Tatarko and Cohen realized they’d hit on a huge opportunity. Home improvement is a $600 billion business in the United States, if you count both design services and physical goods. But there was no eBay-like meeting place where buyers and sellers in the home renovation market could find each other.
In the summer of 2010, the couple decided to quit their day jobs, raise some money, and pursue Houzz full-time. Lead investor Oren Zeev, an independent venture capitalist, assembled a group of entrepreneurs who put $2 million in Series A money into the startup. The company has since gone on to raise an additional $46 million, with marquee firms like Sequoia Capital, Kleiner Perkins Caufield & Byers, and New Enterprise Associates coming on board in the second and third rounds. (Cohen says famed Sequoia partner Michael Moritz decided to invest two hours after the firm’s first meeting with the company. I’ve talked with other investors in Silicon Valley who are bitter they haven’t been able to get a piece of Houzz.)
Today, most of Houzz’s 150 employees work from a sunny, ultra-modern startup space on Palo Alto’s University Avenue, the startup’s fourth office in three years. There’s also a sales outpost in Irvine, CA. Houzz makes money by selling ads to national brands like Kohler, Nest, and Subzero. Architects, contractors, landscapers, and other professionals can get their photo sets featured on Houzz for free, but there’s also a subscription program called Houzz Pro+ that lets them “pay for increased exposure and additional tools such as analytics—how their photos are performing and things of that nature,” Cohen says.
The exposure must be working—more than 300,000 remodeling and design professionals have signed up to be featured on Houzz, in 60 categories, from roofers to home-theater installers. Cohen says the photos are like a gateway drug to the harder stuff: the discussion groups where users can ask professionals, or one another, for advice; the catalog; and finally the directory of design professionals. “A lot of people will say, ‘When I started I thought it was just great to look at the photos, then I realized I could search for products, then I realized the power of the community, and then I found my designer or contractor.’ You see that evolution.”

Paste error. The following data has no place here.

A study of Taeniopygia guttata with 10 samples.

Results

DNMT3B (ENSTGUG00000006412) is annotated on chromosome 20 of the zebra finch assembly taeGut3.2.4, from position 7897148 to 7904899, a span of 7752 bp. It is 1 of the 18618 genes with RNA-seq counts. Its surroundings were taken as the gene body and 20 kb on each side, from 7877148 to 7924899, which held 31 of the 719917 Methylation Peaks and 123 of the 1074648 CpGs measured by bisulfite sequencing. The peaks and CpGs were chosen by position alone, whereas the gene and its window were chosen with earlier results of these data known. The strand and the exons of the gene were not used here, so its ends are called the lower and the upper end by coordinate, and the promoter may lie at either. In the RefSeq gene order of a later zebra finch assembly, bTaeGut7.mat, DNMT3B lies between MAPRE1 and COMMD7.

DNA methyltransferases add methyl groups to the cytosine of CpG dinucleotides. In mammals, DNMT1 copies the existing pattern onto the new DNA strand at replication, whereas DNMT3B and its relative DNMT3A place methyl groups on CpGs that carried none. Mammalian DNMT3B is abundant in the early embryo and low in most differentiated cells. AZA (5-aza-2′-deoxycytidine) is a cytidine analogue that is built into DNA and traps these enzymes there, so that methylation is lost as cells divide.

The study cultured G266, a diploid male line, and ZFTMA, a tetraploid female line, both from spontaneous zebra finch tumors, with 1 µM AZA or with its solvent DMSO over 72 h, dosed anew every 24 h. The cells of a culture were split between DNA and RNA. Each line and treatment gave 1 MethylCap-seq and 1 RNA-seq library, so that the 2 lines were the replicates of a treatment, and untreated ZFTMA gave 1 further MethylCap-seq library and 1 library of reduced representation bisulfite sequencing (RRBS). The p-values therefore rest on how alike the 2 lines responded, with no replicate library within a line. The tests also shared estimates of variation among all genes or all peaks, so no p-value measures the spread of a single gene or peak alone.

It’s a little unfair of me to imply that only 1-percenters can act on the ideas they get from Houzz. Many of the items bearing jiggly green price tags are available for under $500, and Cohen notes that there are some easy ways to transform spaces on a small budget, like painting them. “You might see a lot of photos that look really good, but a lot of that stuff is from Ikea,” he says. “You don’t have to live in a $10 million home to learn from what you see.”
Still, part of Houzz’s ongoing appeal is that it stokes materialistic yearnings we know can never be quite fulfilled. There aren’t any people in Houzz’s photos. I think that’s because we’re supposed to imagine ourselves inhabiting these spaces. Seeing the actual homeowners would intrude on the fantasy.
The best description of Houzz I’ve seen comes from Fortune writer Colleen Leahey. “If Angie’s List and Pinterest had an Architectural Digest-obsessed child, Houzz would be it,” she wrote this May. As I browse the app, I feel like that child, too.
Here’s a video from Houzz showing how home-design professionals use the service.